Hollow Hollow, is anyone home?
Published 15th October 2021. Written by Maddison O’Brien
Just for a minute, imagine you’re a mature, powerful owl. You have found a mate and need somewhere to nest. You glide and glide, but you can’t find any trees with hollows big enough for you and your future chicks. Possums or cockatoos already occupy some hollows, you see. The tree you nested in last year has mysteriously disappeared. What can you do?
Sadly, this is a reality for an increasing number of animals. Hundreds of native wildlife species rely on hollows to nest, breed, shelter, and feed in Australia. This includes 31% of native mammals and 15% of native birds, several of which are vulnerable or endangered. The fact is, hollow-bearing trees are disappearing, and new trees can take as long as 180-120 years to form new hollows.
Nesting boxes have come into the mainstream as a potential solution for this problem. Still, ongoing research suggests these nesting boxes aren’t sufficient for most animals and provide limited protection from an increasingly erratic climate. For the most part, these standard wooden boxes lack tested design features and need ongoing maintenance; they just don’t cut it for many species.
Mick Callan and Professor David Watson from Charles Sturt University have been developing 3D printed hollows that can mimic natural hollows specific to a particular animal. These new designs perform better under extreme climates than wooden boxes and offer a longer-term solution. The nesting structures can even be integrated into the built environment, providing homes for urban critters and offer incredible adaptability and customisation. The revolutionary nest boxes will be available commercially at habitechaustralia.com.au.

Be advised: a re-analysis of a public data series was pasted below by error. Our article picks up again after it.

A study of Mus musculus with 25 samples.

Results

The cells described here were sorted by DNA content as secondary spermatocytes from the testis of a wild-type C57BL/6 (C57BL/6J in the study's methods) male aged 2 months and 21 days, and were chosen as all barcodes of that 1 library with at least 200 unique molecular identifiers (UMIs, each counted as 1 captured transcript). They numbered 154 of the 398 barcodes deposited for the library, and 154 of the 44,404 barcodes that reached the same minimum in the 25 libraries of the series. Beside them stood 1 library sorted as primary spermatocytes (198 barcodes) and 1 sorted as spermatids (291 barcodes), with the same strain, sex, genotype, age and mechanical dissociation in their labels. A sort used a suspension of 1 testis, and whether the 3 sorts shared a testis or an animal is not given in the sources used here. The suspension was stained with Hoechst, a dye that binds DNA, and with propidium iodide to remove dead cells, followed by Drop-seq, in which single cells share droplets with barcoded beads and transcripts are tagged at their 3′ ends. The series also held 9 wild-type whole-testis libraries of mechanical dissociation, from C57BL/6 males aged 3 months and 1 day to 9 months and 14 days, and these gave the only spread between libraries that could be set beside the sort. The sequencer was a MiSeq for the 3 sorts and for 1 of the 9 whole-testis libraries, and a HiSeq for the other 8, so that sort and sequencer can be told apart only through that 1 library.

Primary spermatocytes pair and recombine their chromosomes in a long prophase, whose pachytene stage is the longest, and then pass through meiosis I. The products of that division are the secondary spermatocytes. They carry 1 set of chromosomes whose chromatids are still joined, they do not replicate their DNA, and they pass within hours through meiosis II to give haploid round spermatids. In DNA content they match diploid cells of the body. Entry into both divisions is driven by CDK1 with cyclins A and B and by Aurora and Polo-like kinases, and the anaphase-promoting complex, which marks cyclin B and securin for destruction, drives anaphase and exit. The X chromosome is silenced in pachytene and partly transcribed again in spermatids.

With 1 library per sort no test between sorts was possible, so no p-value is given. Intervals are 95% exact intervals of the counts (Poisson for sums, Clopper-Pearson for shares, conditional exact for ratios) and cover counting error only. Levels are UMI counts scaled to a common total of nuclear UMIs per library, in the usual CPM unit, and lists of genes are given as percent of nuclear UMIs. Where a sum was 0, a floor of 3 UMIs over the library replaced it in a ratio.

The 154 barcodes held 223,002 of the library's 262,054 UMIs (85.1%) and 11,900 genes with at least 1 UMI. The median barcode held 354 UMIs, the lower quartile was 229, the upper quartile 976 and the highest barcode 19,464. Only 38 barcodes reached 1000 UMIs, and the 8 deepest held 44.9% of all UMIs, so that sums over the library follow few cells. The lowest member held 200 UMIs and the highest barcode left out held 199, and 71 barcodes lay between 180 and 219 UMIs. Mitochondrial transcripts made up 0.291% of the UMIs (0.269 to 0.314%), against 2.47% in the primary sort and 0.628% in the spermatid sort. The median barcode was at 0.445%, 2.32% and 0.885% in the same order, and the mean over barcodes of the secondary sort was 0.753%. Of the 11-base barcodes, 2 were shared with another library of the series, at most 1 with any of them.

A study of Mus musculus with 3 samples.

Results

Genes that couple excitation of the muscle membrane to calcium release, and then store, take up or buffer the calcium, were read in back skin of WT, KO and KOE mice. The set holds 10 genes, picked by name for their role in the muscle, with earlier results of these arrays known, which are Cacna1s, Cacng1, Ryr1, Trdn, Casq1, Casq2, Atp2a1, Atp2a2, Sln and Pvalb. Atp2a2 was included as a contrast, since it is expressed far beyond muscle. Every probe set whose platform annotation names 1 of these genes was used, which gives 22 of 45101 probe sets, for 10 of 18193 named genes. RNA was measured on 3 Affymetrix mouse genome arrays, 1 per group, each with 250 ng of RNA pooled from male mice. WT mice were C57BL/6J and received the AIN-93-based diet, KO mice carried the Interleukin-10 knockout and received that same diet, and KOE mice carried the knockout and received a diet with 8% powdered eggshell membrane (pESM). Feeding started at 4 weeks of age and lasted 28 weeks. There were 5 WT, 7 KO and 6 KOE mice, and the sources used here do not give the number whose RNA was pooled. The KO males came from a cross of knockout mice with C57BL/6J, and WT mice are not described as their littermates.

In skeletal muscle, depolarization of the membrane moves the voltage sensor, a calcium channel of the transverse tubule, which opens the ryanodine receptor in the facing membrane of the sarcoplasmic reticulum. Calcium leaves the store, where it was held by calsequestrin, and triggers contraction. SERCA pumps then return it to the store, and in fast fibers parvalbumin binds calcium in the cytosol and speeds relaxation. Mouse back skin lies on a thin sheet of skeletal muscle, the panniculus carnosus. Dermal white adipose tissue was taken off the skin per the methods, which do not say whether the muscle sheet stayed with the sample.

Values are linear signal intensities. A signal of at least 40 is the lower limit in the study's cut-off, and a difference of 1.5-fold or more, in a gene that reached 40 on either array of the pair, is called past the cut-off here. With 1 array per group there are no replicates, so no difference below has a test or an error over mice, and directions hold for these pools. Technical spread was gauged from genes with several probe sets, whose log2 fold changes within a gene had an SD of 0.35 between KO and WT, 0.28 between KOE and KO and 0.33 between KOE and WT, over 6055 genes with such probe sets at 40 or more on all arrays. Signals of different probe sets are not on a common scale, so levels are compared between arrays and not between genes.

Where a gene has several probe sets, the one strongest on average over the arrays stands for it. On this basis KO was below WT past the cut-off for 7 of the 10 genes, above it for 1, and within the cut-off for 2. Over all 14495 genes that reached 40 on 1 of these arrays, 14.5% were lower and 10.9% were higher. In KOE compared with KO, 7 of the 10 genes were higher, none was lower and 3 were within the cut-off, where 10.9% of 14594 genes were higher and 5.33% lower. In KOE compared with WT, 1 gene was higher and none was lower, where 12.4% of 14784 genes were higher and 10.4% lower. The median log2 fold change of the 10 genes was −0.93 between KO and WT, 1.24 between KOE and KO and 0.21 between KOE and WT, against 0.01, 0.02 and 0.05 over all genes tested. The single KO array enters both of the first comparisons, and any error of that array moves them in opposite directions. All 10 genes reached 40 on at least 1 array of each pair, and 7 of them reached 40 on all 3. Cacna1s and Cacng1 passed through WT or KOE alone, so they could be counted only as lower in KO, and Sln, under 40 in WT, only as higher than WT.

Charles Sturt University researchers Mick Callan and Professor David Watson use innovative 3D printing technology to create artificial ‘nest box’ homes for Australian wildlife after many were displaced by 2019-20 bushfires
This new technology has enormous potential, and we’re intrigued to try out the hollows for ourselves in 2022 as a part of our ‘Coxs Creek Rehabilitation and Recovery Project’. The 3D printed hollows will be tried as a part of a significant rehabilitation project along Cox’s creek in the wake of the Black Summer Bushfires in collaboration with The Yawarra Ngurambanggu (Caring for Country) Land Works Crew.
Tragically, old-growth, hollow-bearing trees are being logged at an alarming rate. This highlights the importance of landholders with remnant vegetation on their properties to protect existing and developing hollow-bearing trees, including dead trees that still serve as valuable nesting sites.
We are eager to put the new technology to the test and will be watching closely to discover what furry and feathered creatures move into their new state-of-the-art homes. For updates, make sure you’re on our newsletter mailing list and have liked our Facebook page. We have some exciting projects running into 2022, and we’d be thrilled to keep you in the loop and involved. Happy Landcaring!
The ‘Coxs Creek Rehabilitation and Recovery Project’ is supported by Watershed Landcare through funding from the Australian Government’s Bushfire Recovery for Wildlife and Habitat Community Grants Program.